Delivering for Best-in-Class Wholesaler-Distributors
October 2018

Signed into law on June 28, 2018, the California Consumer Privacy Act (CCPA) goes into effect on January 1, 2020. The CCPA is the most onerous data privacy law in the United States, similar in many aspects to the European Union’s General Data Protection Regulation (GDPR) that went into effect on May 25, 2018.  The Act broadly expands the rights of California residents and requires covered businesses to comply with strict requirements on how they collect, use, and disclose “personal information” of California residents.

The legislative circumstances surrounding the CCPA enactment are troubling. This major piece of legislation was introduced and passed unanimously by the California legislature in 72 hours.  The legislature was essentially hijacked by a wealthy sponsor of an even stricter ballot initiative who reportedly spent over $3 million to get his version of a privacy law on the November ballot.  Rather than risk approval of the ballot initiative (where voters can directly enact laws), the legislature struck a “deal” with the sponsor and quickly passed a compromise bill.

Covered Businesses – The Act applies to businesses located anywhere in the world that possess personal information on California residents and (1) have annual revenue greater than $25 million; or (2) sell or share the personal information of 50,000 or more consumers, households or devices; or (3) derive 50% or more of annual revenue from selling consumers’ personal information.  The Act does not apply to non-profit organizations such as trade associations, professional societies, charities and religious organizations.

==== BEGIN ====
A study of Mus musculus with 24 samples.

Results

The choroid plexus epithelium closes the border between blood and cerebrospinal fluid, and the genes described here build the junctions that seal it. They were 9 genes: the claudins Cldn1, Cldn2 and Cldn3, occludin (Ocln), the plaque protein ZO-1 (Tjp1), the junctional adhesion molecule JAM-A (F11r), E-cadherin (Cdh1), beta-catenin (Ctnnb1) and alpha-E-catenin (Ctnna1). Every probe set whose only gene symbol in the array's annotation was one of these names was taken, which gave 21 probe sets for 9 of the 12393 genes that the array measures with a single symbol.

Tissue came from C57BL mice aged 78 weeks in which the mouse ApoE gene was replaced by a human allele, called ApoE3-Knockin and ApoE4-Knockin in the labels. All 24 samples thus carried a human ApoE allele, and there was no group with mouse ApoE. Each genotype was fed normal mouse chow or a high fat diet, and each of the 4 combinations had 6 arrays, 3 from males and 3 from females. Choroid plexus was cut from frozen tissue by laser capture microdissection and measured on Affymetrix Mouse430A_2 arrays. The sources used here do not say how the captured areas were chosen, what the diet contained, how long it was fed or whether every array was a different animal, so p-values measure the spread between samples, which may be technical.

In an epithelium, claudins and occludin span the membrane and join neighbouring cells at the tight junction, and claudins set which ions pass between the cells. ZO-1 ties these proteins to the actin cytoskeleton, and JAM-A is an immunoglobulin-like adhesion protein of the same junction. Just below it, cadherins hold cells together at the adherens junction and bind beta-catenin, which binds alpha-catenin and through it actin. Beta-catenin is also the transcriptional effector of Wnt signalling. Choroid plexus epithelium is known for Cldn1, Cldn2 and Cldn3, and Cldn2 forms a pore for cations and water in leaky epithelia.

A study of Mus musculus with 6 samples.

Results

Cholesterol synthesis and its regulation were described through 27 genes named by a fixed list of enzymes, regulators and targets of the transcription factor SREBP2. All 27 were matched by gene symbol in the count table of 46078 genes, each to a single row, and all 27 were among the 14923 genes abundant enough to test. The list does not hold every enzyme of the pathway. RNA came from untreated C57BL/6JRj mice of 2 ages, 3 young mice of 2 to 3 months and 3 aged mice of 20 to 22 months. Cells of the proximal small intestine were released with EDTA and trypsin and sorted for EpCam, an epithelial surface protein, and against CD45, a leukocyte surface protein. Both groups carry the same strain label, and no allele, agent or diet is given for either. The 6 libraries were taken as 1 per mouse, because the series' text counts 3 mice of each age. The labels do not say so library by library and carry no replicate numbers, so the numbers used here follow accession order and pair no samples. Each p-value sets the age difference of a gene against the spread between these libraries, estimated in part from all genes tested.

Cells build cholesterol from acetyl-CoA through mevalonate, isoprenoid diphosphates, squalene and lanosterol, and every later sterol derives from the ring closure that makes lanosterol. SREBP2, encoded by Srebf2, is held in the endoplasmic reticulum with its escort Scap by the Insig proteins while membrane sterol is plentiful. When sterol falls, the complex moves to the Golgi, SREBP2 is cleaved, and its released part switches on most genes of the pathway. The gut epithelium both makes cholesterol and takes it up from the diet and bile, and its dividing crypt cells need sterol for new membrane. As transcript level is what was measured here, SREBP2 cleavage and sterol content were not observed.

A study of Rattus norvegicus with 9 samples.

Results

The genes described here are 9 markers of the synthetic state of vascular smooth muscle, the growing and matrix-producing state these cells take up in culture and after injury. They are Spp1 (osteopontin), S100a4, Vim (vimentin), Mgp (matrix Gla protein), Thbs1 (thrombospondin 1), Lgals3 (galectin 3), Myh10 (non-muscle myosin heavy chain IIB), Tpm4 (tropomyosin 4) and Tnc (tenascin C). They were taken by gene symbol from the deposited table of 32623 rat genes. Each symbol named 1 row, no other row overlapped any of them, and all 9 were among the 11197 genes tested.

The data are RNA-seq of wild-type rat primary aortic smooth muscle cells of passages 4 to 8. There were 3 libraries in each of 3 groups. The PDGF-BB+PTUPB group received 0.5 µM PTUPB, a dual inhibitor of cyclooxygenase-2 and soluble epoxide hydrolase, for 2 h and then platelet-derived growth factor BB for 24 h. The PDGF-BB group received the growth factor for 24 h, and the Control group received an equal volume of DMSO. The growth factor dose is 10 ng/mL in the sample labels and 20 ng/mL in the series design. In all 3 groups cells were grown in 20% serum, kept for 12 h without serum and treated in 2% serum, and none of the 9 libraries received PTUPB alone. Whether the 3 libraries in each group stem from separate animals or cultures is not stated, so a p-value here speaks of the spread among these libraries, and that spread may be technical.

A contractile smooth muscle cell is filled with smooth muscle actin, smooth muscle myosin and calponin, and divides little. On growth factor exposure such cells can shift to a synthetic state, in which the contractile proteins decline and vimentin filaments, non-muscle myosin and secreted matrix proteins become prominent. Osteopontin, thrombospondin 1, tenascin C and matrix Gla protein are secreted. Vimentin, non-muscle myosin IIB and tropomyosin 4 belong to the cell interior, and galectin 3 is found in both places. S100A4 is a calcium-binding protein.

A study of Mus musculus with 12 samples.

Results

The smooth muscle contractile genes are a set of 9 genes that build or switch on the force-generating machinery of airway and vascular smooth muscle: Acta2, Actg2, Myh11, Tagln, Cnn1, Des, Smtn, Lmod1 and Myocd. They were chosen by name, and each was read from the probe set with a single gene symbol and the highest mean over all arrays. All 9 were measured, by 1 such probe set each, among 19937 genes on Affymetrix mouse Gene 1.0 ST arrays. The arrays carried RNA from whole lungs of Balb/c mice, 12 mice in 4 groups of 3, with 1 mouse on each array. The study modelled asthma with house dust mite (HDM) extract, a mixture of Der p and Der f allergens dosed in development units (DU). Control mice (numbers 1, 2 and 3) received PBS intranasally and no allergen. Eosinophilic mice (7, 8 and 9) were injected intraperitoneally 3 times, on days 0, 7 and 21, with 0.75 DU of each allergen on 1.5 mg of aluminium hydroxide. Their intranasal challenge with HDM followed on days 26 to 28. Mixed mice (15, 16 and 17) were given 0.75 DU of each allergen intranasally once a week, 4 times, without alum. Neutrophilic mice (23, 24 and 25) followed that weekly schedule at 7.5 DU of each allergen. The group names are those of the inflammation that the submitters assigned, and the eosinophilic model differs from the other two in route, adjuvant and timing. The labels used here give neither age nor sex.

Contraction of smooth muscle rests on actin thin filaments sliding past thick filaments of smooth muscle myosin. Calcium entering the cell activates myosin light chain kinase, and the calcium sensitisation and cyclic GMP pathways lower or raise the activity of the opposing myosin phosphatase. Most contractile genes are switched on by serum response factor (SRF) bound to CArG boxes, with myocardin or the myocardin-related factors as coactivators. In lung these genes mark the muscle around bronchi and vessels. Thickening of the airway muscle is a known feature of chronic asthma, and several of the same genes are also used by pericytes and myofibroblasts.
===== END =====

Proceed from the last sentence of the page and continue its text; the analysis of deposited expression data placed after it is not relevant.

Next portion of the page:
Personal information is broadly defined to include any “information that identifies, relates to, describes, is capable of being associated with, or could reasonably be linked, directly or indirectly, with a particular consumer or household.”

Covered businesses will have to ensure Californians’ right to privacy by giving consumers:

  • the right to know what personal information is being collected
  • the right to know whether their personal information is sold or disclosed to others
  • the right to access their personal information and request its deletion
  • the right to ban the sale of their personal information
  • the right to non-discriminatory access to service and price from businesses even if they assert their privacy rights

Click here to read the CCPA text, and a legislative counsel’s digest of the Act.



The California Attorney General is charged with enforcing and issuing regulations to help explain or even modify the CCPA.  Civil enforcement actions can result in penalties of up to $7,500 for intentional violation or $2,500 per unintentional violation, if not remedied within thirty days following a notice of violation.

The CCPA also grants a private right of action – including class actions – by California residents if their personal information is subject to unauthorized access, disclosure or theft. Penalties between $100 to $750 per resident or incident may be assessed if the Attorney General declines to bring an enforcement action.



The CCPA has the potential to become a template for a Federal privacy law, or for one or more States enacting their own version. A benefit of a Federal law would be the express preemption of state privacy laws.  Conflicting state privacy laws could impose a ruinous burden on businesses engaged in interstate commerce.

Many U.S. businesses are still reeling from the costs and burden of bringing their data use and management processes and consumer notices into compliance with the European Union GDPR. Compounding businesses’ compliance burdens, the Act is already undergoing changes, and regulatory guidance, even if helpful, is months away.